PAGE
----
Playwright Kevin Broccoli knows his way around a story, and pens them prolifically. He works by day as the fiction specialist at Johnston’s Marian J. Mohr Public Library, so it’s safe to assume that he’s done his research. His favored format is the monologue, and he writes scores of them with wit, cheek and varying degrees of pathos. His previous monologue shows have played at 2nd Story Theatre and the Artist’s Exchange, and his biggest one to date opens this month at the Zabinski Music Studio at Hope Artiste Village, where he is an artist-in-residence. Titled The Acting Company, it features 150 of his pithy solo pieces – performed by an equal number of local actors. In other words, he’s really outdone himself this time.
But Broccoli doesn’t bite off more than he can chew. Last summer, his moving play Charlie’s Funeral showcased 130 of his monologues, revolving around the life story of a single man. This year, he reveals, “I wanted to go a step further and examine a particular place in the same way.” Broccoli frequently contributes to the arts as a performer and director as well, and has been involved in drama since he was a kid. So a theater struck him as an ideal setting, full of possibilities. The resulting play, The Acting Company, offers 150 reflections on a fictional New England theater called the Orpheus. It covers a 50-year span, from early shows in parks and parking lots to the company’s establishment as an institution and its challenges in remaining so.
Most of the monologues in The Acting Company are titled after plays from the Orpheus Theater’s past seasons, with clever references and mirrored themes abounding. Members of the cast, crew and others affected by the place give their perspectives, often peppered with zingy one-liners (“He could prop an entire production of The Wild Duck out of the trunk of his car”) and ending with dry, deadpan conclusions. Occasionally speaking from beyond the grave, the characters examine the allure and power of theater at its best, as well as the pressures and behind-the-scenes battles at its worst. They delve humorously and, at times, painfully into offstage problems of ambition, adultery, heartache, homophobia, firings, an actual fire and even murder. Throughout it all, the energy of the Orpheus, and of theater in general, reverberates. From a piece called “The Rehearsal” comes this observation on theater people: “We accept the fact that life is dramatic. And you live with it. You live with the insanity. With the intensity of it all. If anything, you thrive on it.”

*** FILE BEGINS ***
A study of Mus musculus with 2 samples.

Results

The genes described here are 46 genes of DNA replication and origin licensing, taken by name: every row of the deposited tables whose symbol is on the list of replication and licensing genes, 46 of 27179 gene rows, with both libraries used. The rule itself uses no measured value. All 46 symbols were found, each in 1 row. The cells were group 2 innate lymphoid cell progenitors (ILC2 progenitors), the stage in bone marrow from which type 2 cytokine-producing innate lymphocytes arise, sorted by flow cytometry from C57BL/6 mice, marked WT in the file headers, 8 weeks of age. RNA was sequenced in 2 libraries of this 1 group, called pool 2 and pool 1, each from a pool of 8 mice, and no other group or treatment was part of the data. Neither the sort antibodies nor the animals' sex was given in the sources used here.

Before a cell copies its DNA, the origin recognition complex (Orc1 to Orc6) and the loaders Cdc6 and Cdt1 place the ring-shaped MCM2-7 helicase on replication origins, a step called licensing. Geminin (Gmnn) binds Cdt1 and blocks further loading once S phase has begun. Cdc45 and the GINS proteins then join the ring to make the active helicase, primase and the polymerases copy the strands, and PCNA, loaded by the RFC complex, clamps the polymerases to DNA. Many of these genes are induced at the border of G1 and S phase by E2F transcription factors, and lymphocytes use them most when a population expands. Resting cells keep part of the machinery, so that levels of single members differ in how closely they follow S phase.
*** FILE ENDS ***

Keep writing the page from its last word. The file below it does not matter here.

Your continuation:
Broccoli hopes that The Acting Company will raise questions about what role American theaters should play today, what they’re doing wrong, and what they’re getting right. He maintains that his characters and situations are not based on any specific people or place. But he adds, “Mainly, I want the piece to say that we have to start being more inclusive as a community. You can’t succeed as an artist or as an arts institution if you close yourself off to those around you, and a lot of theaters are doing that right now. They’re not utilizing local talent, they’re not producing work by local authors, and, to add insult to injury, they’re importing talent from other states.”
Broccoli continues, “It’s not just critical though. I hope that by the end of each performance, the audience will see that this is really a love letter to a community and profession that I care about very much.” To create and direct a show with 150 actors and all the scheduling that entails, he’d have to love it. The mammoth cast includes Broccoli himself, as well as gifted locals like Ashley Hunter Kenner, Frank O’Donnell, Cait Calvo, Sandy Cerel, TJ Curran, Paula Faber, Terry Shea and Alyssa Gorgone. On any given night of The Acting Company, audiences can see 25 different cast members performing 25 different monologues. Each experience is unique, so repeat visits are a treat. As Broccoli notes, “I want people to come see this show and see that Rhode Island is overflowing with talent.” That’s something to write home about, times 150.
The Acting Company runs August 3-26 at the Zabinski Music Studio at Hope Artiste Village, 1005 Main Street, Pawtucket. For more info, email firstname.lastname@example.org.